What is the delete Operator in JavaScript?


JavaScript developers often wonder what the delete operator even is. What is it used for? Why do we use JavaScript's delete operator? The delete operator is one of the most underutilized JavaScript operators and that's what we're going to fix right now.

The javascript delete operator is used to remove an element from an array, objects, and properties from an object. It's important to note that the javascript delete operator is not a method; it's a statement.

Syntax

  • Syntax to delete an object.
delete objectName
  • Syntax to delete the property of an object.
delete objectName.propertyName
  • Syntax to delete element from an array.
delete arrayName[index]

Description

After removing the property from the object or array element, the javascript delete operator returns true. Even if no property or index could be found in the object or array, it still returns true. Only when you attempt to delete variables and functions does it return false.

let car = {
    company: "Audi",
    color: "Black",
    price: "$45000"
}

delete car.price; // true
delete car.speed; // true
delete car; // true

Non-configurable Properties

When you set configurable as false for a property, the delete operator returns false.

let Car = {};
Object.defineProperty(Car, "name", { value: "Audi", configurable: false });

delete Car.name; // false

Strict Vs. Non-strict Mode

strict mode is used to write secure JavaScript. Deleting a property in strict mode will result in an error because the delete operator is prone to errors.

'use strict'

let car = {
    company: "Audi",
    color: "Black",
    price: "$45000"
}

delete car.name; // error

Can We Delete Variables in Javascript?

No, is the response. The javascript delete operator does not allow us to delete variables because they are not configurable like objects. The remove operator will return false if you do that.

let car = "Rolls Royce"

delete car; // false

function bike() {
    return "bike";
}

delete bike; // false

Examples

Delete and the Prototype Chain

Only the object's own properties are deleted using the delete operator. The properties of an object's prototype are unaffected. Deleting a property that is not owned by the object also has no effect but does return true.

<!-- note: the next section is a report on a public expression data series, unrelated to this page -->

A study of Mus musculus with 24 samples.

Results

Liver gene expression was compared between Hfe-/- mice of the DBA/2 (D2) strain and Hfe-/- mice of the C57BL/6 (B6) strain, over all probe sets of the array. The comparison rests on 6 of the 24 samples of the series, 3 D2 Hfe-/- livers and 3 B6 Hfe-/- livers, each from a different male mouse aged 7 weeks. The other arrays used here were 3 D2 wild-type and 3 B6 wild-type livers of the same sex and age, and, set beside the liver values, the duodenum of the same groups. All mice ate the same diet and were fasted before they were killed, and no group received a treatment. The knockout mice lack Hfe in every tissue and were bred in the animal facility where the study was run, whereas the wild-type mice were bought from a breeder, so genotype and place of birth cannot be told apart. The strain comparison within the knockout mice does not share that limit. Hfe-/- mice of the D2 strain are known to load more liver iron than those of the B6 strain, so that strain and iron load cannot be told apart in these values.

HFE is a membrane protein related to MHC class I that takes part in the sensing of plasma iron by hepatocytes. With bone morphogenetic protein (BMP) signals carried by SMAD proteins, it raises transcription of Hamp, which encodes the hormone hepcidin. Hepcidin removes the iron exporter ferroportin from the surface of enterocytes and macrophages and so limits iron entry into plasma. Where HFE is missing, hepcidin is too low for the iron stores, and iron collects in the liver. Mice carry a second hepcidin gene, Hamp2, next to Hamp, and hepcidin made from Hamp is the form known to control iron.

Example:

function Car() {
    this.name = "Audi";
}

// Add a value to prototype
Car.prototype.name = "BMW";

// Create object
const car = new Car();

car.name // "Audi"

// Delete property from object
delete car.name; // true

// After deleting the property from the object you can still access that property from prototype chain
car.name // "BMW"

// Now delete that prototype property
delete Car.prototype.name // true

// "name" property is now undefined
car.name // undefined

Deleting Array Elements

Same as object properties, we can also delete elements of an array with the javascript delete operator. It will return true even if the index is not found.

let cars = ["Audi", "BMW", "Rolls Royce"]

delete cars[0]; // true
delete cars[10]; //true

Browser Compatibility

The javascript delete operator is supported by the following popular browsers.

BrowserFull support
ChromeYes
EdgeYes
FirefoxYes
OperaYes
SafariYes
Samsung InternetYes
Android WebviewYes
DenoYes
Node.jsYes

Conclusion

  • The javascript delete operator can be really useful when you want to remove an object, the property of an object, or an element from a JavaScript array.
  • delete is not a method but a statement.
  • However, there are some things that you need to be aware of so that you don't cause any bugs by using them incorrectly.
  • This article should have cleared up some of the mystery surrounding this operator and how it works in JavaScript.